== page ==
A beautiful Bach Sonata ringtone did not prepare me for what I was about to hear. Barely had I answered the phone, the heavy Samsung note bothering my frozen shoulder, that I hear a soft sob giving me the news that I was dreading and hoping would not come.

Calming myself, I sat down…. not noticing the wetness on the chair where someone had just dropped a glass of water- or was it green tea? Dark circles of disappointment slowly make their way in front of my eyes, increasing the intensity and speed at which they were forming, refusing to go away. Excruciatingly and ever so slowly, they now tighten their arms around me, my breath coming in gasps as I hurriedly rummage my bag for the mostly unused asthma inhaler.

FAILED- she has not been able to clear her 12th standard International Baccalaureate examination- the voice on the other end of the phone now came back repeatedly, spiraling me into an abyss of deep dark and chilling cold- as I started shivering, in the warm pantry of our office.

“Guilty!!”- my inner voice crucified me, even before I could clear the fog of thoughts and understand what I had just heard. How did this happen? I had supported and provided everything- from expensive tuition to online classes to night-out teaching. Just as I was steadying myself, I managed to read the message that had landed with a loud beep on my phone … reading it through my tears, any thought of all this being a dream faded away.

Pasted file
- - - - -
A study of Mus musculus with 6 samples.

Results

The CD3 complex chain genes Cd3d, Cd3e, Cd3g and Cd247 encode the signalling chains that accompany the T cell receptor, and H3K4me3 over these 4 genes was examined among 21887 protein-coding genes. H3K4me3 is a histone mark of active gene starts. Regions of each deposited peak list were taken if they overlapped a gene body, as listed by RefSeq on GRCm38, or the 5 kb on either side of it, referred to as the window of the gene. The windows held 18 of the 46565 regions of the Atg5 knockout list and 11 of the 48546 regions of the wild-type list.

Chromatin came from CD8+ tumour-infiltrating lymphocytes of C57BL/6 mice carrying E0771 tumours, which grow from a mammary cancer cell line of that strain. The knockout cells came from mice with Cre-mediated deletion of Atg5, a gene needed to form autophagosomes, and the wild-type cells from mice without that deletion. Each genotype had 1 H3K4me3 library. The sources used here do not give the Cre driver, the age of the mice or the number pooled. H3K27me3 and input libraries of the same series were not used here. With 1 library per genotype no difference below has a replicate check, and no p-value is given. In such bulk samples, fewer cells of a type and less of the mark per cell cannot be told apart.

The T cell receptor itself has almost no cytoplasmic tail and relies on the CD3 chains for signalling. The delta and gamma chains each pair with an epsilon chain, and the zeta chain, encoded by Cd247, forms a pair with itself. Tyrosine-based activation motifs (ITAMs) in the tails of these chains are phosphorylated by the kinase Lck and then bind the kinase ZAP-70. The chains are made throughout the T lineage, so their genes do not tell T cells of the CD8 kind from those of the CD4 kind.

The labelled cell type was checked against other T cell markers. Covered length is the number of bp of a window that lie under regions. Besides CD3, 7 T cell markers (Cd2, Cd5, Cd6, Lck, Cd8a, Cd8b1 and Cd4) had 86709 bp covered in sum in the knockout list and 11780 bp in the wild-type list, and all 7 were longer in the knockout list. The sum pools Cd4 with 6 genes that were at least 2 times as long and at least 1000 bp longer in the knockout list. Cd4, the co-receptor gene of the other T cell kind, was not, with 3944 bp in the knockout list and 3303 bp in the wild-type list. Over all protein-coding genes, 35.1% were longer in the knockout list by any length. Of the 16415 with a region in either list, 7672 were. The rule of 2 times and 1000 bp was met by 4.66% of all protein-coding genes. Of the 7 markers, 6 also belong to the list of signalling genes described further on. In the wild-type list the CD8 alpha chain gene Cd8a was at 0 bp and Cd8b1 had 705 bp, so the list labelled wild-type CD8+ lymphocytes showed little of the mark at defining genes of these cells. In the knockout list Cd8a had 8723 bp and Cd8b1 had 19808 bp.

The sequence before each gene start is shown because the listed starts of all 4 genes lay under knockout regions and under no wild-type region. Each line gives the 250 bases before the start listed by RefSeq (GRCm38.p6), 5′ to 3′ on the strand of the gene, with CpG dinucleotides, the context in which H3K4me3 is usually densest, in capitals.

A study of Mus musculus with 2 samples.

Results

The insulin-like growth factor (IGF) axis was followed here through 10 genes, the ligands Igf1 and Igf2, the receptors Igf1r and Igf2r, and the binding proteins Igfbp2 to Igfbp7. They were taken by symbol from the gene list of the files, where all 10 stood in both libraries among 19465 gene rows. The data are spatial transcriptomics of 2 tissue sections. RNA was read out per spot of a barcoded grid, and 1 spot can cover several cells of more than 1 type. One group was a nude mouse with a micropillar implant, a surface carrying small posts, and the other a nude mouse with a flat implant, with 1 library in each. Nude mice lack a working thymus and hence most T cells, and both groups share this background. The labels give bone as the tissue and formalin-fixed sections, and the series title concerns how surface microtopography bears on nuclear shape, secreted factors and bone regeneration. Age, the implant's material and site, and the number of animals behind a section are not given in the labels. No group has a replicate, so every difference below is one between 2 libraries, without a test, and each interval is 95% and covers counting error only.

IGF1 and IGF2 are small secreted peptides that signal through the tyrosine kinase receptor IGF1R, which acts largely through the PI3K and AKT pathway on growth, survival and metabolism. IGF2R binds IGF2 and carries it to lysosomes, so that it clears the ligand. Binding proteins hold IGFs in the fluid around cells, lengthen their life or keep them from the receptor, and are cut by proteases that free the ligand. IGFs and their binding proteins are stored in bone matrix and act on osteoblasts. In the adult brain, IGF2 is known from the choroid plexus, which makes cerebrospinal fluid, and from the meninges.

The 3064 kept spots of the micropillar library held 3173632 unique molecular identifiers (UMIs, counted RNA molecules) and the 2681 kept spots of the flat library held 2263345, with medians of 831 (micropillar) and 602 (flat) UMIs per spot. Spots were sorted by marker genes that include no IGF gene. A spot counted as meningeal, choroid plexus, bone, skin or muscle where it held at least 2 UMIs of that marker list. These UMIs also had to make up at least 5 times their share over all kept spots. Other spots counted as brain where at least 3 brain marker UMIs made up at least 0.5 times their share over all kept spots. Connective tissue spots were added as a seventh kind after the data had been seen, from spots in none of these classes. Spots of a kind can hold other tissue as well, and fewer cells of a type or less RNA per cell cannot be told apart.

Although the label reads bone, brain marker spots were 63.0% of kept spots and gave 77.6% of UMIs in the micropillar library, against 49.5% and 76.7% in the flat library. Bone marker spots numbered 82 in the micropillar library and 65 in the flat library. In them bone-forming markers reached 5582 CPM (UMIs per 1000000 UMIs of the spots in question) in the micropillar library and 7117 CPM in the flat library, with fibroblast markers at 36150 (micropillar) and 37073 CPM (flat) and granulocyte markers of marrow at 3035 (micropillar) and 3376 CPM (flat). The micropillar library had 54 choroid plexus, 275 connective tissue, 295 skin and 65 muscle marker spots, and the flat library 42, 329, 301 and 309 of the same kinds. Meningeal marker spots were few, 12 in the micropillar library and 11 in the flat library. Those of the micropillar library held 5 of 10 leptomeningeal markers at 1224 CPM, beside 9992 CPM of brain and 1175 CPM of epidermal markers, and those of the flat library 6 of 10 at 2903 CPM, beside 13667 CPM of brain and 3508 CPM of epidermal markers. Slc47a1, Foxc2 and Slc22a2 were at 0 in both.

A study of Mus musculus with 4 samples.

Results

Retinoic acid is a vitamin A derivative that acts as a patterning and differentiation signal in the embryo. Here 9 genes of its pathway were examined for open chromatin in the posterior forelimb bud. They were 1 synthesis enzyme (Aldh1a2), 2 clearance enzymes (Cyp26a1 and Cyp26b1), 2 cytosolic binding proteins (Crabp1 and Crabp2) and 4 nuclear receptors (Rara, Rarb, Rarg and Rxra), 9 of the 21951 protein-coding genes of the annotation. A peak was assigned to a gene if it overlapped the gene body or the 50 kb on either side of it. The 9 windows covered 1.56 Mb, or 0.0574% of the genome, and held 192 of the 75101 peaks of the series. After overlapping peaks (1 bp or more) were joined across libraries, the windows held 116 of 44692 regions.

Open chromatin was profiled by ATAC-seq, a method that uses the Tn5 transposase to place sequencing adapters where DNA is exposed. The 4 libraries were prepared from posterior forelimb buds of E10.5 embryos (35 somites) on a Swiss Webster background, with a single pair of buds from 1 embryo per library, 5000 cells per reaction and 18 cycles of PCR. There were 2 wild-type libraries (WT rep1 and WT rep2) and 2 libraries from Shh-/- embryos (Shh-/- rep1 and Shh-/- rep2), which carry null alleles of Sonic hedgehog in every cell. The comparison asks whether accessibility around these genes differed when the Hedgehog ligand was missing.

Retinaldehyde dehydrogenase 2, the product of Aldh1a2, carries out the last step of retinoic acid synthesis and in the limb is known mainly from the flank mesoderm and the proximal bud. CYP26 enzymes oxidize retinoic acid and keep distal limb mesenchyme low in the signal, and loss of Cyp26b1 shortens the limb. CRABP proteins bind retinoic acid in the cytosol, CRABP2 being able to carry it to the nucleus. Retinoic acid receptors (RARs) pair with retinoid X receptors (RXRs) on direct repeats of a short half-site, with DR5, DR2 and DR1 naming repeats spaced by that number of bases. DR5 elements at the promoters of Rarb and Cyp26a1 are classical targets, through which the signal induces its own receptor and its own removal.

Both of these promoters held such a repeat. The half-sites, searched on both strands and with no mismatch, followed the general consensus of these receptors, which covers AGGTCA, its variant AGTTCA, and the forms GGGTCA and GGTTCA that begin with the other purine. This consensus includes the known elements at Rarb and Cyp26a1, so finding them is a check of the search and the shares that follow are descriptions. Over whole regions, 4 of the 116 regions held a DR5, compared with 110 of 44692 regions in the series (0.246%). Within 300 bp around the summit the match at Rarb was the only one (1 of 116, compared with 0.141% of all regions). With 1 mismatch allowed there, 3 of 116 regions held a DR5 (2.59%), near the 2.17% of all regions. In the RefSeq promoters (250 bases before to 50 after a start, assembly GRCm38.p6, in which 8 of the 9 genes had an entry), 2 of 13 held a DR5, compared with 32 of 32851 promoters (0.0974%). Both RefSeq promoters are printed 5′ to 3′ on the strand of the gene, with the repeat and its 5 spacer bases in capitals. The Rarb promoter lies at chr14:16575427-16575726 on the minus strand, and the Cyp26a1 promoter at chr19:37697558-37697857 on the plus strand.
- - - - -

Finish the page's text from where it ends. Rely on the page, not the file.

Kiasu, the quaint term coined in my part of the world, to label the notion of always being first and ahead, never losing – always winning, obviously did not apply to my younger daughter.

Looking back, I try to walk through my darkness and disappointment which is now bordering on delirium, with honesty and I find all fingers pointing at me. My chagrin at this accusation makes my face flush a crimson red – or is it Aubergine purple for I am olive-skinned? Not accepting this revelation, the self-righteous Tiger mom in me refuses to give in.

“Of course not!” I had said when she asked two years earlier if she could take liberal arts subjects to pursue a career in Global policy study. Pushing her into the practical world of Physics and Chemistry, when she wanted Psychology and politics- I thought I knew what was best for a 16-year-old. Quietly, but ever so determinedly, she had pushed me away from her thoughts, not arguing but also not engaging. Resisting the urge to hold her and shake her at that time, I had let her be. Shaking out of my reverie, her pleading face dances before my eyes, as I shuffle towards the elevator to go back home.

Tightly clutching the office bag to my chest, I felt the eyes of the world piercing through me, reading in my glossy tear-filled eyes, the inner world that I tried to shut out. Unhurriedly, my steps make their way towards the car. Vividly I remember the day I had held the Valentine baby in my arms, dreaming of a bright world for her, shielding her from the vagaries of the world.

“Watch what you tell her as you reach home, for this is her most vulnerable moment,” the voice said. “Xanax”- the voice reminded me as I tried to recall the name of the medicine my friend had been taking for her anxiety I had been trying to get into the car for a full minute, but the car that I had walked towards was not mine.

Zero- that’s what I had scored in my momhood, or so I thought….

I get into my car. I drive home slowly. Not trusting to say the right things. My mind whirring- how will we make this right?